Blockbuster has reconfigured 4,412 company-owned stores to better accentuate its growing video game and DVD businesses, and is testing dedicated CE sections in approximately nine locations in Tulsa, Okla.
The redesign employs boutique-style sections and color-blocked signage to distinguish between retail and rental areas, and various product categories. Under the color scheme, red designates retail areas, blue indicates rentals, orange represents games and green delineates the consumer electronics section within the Tulsa test stores.
About 1,000 stores have also added a Spanish-language section, demarcated by purple signage.
“We created this new layout and new look to make [our customers’] in-store experience more convenient, more enjoyable and to give them no reason to buy or shop anywhere else,” said Nick Shepherd, executive VP/merchandising and chief concept officer.
“Our mission is clear,” he added. “To be the complete source to our customers for movies and games, in the format of their choice, rental or retail, new or used.”
A company spokesperson said it was “premature” to comment on whether the prototype CE sections would be rolled out to other Blockbuster stores. The chain announced its intention to vigorously pursue the CE category one year ago after ending an in-store shop pilot program with RadioShack (see TWICE, Jan. 21, 2001 p. 14).
CE products highlighted this past holiday season included:
- Magnavox DVD players and VCRs for $60,
- Akai DVD players for $70,
- Philips five-disc DVD changers for $160 and DVD/VCR combo units for $200,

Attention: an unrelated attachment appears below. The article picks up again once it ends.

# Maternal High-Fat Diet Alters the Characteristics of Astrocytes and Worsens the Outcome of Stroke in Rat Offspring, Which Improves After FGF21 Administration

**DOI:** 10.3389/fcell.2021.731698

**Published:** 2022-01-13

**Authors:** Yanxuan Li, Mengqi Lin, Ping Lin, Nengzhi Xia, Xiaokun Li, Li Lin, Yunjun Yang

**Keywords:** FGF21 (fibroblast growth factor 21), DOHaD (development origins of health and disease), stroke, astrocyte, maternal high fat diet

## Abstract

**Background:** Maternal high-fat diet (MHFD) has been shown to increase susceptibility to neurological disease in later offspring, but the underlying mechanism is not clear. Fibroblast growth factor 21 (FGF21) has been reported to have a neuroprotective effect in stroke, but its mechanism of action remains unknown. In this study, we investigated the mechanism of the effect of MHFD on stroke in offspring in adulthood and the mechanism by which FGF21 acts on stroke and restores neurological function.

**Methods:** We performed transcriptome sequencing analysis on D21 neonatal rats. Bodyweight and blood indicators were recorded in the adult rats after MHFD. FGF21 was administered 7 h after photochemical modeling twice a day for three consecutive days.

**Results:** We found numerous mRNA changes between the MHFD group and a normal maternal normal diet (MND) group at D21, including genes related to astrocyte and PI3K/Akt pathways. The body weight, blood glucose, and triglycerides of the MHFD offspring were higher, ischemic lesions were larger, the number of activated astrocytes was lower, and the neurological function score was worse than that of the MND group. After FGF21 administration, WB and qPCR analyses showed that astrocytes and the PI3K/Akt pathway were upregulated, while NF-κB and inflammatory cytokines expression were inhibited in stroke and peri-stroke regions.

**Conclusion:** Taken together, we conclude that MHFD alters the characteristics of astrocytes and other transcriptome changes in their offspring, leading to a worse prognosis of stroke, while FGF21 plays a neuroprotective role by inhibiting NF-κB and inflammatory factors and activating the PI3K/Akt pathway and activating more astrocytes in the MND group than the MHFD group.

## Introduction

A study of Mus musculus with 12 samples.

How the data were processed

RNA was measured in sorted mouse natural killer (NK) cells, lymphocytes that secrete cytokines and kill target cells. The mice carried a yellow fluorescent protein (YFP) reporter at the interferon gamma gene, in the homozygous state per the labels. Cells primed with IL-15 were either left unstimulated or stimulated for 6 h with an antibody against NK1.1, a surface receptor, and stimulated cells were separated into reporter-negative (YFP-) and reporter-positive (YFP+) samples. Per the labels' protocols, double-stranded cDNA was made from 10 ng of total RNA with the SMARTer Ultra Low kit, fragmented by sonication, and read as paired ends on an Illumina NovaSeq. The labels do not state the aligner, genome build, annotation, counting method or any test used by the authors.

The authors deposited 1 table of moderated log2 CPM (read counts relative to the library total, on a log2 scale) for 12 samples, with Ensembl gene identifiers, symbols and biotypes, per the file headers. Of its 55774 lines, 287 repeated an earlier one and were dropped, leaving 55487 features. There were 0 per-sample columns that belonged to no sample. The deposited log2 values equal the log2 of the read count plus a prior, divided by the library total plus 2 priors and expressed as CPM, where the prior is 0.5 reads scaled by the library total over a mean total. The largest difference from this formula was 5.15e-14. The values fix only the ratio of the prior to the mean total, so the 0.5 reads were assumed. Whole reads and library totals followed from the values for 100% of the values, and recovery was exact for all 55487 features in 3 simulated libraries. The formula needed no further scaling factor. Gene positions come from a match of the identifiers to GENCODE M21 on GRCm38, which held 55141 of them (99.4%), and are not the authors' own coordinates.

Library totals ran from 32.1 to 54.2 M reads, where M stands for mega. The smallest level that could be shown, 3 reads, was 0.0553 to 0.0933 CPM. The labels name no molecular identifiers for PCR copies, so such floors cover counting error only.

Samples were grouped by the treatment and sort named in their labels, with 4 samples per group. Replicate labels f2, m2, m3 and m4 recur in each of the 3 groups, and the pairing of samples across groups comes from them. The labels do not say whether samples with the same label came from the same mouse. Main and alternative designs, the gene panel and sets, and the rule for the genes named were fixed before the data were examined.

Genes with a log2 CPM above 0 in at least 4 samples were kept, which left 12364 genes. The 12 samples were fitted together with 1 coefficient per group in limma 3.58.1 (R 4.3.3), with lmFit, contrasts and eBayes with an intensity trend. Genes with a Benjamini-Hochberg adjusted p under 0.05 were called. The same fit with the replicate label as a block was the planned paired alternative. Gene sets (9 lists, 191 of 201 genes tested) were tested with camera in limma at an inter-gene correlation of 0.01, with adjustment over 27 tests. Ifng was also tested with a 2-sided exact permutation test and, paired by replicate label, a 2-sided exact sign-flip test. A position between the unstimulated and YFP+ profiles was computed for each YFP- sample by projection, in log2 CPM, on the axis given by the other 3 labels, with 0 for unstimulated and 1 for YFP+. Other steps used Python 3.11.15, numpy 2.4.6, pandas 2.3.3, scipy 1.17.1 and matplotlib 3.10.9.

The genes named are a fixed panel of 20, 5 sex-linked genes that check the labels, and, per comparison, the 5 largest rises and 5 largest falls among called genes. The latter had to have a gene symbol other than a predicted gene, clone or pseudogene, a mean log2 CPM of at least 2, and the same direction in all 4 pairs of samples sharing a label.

- Philips HTiB — plus 13 free rentals over three months — for $300.
- Blockbuster also offered five free games rentals over five weeks with the purchase of a GameCube, PlayStation2 or Xbox game console.
To help beef up its presence in the gaming category, the company launched a series of merchandising initiatives last summer. Measures included expanding existing game sections in more than 4,300 company-operated stores, and creating platform-specific sections for rental, retail and previously played titles, along with dedicated accessories and publications.
“We see this initiative as an ongoing process,” Shepherd said.
Blockbuster’s stepped-up CE role was prompted by its success at selling DirecTV, and by a six-month text of in-store RadioShack shops in 2000. The concept was ultimately dropped because the kiosks weren’t generating enough revenue to cover their high fixed costs.
But Blockbuster saw potential in CE as a key adjunct to help offset encroachments by video-on-demand services on its core video rental business.